Israeli grandmother on Temple Mount alarms Muslim Waqf, Israeli police,

An Israeli Jewish grandmother made a private visit to the Temple Mount in the Old City of Jerusalem with no hassles – that is, not until a guard heard her speaking Hebrew on the phone and apparently panicked.

By Atara Beck, World Israel News

Linda Olmert, a founder of the Haliba movement for Jewish civil rights on the Temple Mount, went to Judaism’s holiest site early Wednesday morning and was the only visitor there at the time. She told World Israel News that she was walking freely with no interruptions until she answered the phone.

The Old City was under Jordanian occupation from 1948 until 1967, when the IDF captured it during the Six-Day War. According to an agreement between Jordan and Israel, the Jordanian Waqf (Muslim Trust) has since maintained religious administration over the Temple Mount, although the site is under Israeli sovereignty.

Olmert became an activist for Jewish civil rights on the Mount after her first visit there in April 2013, when she and the group she was with experienced intense hostility as Jews, including stone-throwing.

Improvements for Jews are ‘cosmetic’

Linda Olmert Temple Mount

Linda Olmert, a founder of the Haliba movement for Jewish civil rights on the Temple Mount. (Courtesy)

Although Jews who ascend the Mount are still subject to discriminatory laws, such as not being allowed to pray and being followed closely, it appears that the situation has improved to a large extent since 2013. Discussion about the right of Jews to visit the site have become more mainstream. Tens of thousands of Jews visit the site throughout the year, usually in groups and more so on Jewish festivals.

According to Olmert, however, the changes are merely “cosmetic.” On her Wednesday visit, once identified as an Israeli and a Jew, she was followed very closely throughout the rest of the stay by several Waqf guards and Israeli police.

“The moment they heard me speaking Hebrew and realized I was Israeli, they started following me,” Olmert told World Israel News. “Someone from the Waqf heard me, and his curiosity was piqued.

“He immediately ran over to ask what I was doing there,” she told World Israel News. “I said I was visiting. From where? Raanana. Why? It’s the holiest place for Jews. Do you know the rules? Do you know you can’t pray here?”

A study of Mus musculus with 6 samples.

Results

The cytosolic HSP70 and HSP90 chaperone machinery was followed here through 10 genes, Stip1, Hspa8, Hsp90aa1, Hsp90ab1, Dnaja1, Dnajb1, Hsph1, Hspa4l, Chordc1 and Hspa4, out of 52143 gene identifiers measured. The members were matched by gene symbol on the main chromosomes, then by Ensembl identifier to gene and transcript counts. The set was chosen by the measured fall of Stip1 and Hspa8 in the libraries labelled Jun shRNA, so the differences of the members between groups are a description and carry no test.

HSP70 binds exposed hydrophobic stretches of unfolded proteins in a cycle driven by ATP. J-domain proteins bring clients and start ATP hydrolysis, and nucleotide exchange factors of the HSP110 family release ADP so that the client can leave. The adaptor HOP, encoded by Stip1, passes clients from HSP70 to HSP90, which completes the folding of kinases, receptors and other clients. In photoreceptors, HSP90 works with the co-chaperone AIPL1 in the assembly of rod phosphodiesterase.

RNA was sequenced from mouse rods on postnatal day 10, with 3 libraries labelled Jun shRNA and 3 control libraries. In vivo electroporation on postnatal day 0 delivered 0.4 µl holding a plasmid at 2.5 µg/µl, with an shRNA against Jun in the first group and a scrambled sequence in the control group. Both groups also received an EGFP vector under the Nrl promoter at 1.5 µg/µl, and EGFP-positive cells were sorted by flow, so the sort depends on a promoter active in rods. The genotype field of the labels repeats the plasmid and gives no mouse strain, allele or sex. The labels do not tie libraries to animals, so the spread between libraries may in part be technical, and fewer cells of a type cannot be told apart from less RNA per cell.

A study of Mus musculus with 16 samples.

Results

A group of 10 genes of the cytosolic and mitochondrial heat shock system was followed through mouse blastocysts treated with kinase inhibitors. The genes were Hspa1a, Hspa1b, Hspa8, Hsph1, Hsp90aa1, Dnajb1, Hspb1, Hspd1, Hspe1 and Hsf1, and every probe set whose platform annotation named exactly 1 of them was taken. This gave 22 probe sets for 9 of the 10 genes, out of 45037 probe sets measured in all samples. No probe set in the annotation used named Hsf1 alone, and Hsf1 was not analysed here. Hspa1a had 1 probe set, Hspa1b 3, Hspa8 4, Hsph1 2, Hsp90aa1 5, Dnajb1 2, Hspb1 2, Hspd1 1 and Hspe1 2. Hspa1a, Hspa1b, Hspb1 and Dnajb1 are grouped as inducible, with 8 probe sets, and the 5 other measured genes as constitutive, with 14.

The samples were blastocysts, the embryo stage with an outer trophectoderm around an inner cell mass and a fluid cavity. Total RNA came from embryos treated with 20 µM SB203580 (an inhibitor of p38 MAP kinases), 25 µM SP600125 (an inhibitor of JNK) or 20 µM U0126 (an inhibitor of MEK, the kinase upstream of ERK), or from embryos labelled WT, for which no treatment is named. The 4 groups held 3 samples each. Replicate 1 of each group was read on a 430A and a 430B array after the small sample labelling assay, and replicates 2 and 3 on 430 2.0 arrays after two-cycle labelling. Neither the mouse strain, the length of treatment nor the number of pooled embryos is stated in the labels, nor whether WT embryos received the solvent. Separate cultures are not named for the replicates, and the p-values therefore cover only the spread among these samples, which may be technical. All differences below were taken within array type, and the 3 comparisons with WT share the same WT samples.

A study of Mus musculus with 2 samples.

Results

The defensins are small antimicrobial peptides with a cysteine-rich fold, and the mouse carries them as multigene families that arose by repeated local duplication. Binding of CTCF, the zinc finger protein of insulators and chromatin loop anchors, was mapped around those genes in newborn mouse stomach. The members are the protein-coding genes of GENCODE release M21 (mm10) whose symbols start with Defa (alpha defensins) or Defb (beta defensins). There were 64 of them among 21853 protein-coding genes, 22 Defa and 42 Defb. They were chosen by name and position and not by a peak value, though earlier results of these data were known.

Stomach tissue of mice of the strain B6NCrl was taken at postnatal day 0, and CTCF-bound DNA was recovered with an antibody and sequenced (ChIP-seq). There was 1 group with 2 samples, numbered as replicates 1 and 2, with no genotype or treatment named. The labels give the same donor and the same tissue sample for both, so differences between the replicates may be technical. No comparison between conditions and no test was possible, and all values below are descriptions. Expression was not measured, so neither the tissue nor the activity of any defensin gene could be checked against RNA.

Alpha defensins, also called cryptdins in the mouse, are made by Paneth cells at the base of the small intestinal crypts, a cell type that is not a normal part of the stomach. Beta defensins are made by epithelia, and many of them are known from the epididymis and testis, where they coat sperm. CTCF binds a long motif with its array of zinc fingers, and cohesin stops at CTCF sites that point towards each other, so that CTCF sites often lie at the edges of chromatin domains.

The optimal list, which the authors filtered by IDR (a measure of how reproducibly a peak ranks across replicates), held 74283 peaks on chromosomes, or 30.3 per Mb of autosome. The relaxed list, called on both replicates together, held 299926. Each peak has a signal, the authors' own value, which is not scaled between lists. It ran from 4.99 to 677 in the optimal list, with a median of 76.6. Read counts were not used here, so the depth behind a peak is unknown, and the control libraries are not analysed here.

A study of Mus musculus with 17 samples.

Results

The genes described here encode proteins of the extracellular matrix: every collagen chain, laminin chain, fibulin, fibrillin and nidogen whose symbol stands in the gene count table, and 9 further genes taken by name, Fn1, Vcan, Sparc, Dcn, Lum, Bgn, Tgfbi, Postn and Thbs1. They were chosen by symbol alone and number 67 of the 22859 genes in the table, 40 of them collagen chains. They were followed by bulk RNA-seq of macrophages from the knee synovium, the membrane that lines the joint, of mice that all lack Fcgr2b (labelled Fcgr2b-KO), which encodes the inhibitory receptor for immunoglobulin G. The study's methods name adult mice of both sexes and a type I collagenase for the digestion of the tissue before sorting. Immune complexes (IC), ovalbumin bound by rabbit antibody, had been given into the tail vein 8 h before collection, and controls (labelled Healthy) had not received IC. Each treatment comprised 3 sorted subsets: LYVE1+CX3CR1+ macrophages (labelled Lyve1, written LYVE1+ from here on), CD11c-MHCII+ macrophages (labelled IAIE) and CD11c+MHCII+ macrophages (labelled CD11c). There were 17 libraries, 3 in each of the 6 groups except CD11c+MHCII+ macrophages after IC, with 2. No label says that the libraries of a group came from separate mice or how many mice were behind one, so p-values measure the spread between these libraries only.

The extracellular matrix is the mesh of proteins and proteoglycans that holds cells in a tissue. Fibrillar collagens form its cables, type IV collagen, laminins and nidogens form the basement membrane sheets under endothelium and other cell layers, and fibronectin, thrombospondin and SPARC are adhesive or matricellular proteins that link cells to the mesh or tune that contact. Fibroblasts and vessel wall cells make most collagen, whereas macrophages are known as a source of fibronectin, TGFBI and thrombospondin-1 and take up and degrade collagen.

Avoiding bad publicity

The Waqf guard then said he was protecting Olmert, she said, but when asked if she was in danger, he said no.

“Another policeman said he was protecting me, that he wanted to avoid a flare-up. I really believe he wanted to avoid bad publicity,” she added, speculating that maybe he thought she was a journalist.

Since more people have been going up in recent years, she explained, the authorities realize that they have to be more careful about how they treat Jewish visitors, particularly those who, unlike Olmert, are identified by their attire as religious Jews.

As for the improvements in recent years, “the reason is that they realized they couldn’t continue to get away with it because we [Haliba] framed the issue as one of civil rights. Unfortunately, that is what made a difference.”

Unfortunately, she clarified, because “mainstream Israelis didn’t seem to care that Jews who looked religious were being harassed. It only became an issue that was important to them when it was framed as a civil rights issue.”

“On my way out,” she continued, “there were seven or eight policemen and about eight Waqf guards following me. I heard them speaking Arabic. I don’t understand much Arabic but recognized the word ‘Hezbollah’ and the curse words about me. They were very unhappy that I was there, told me I couldn’t be there.”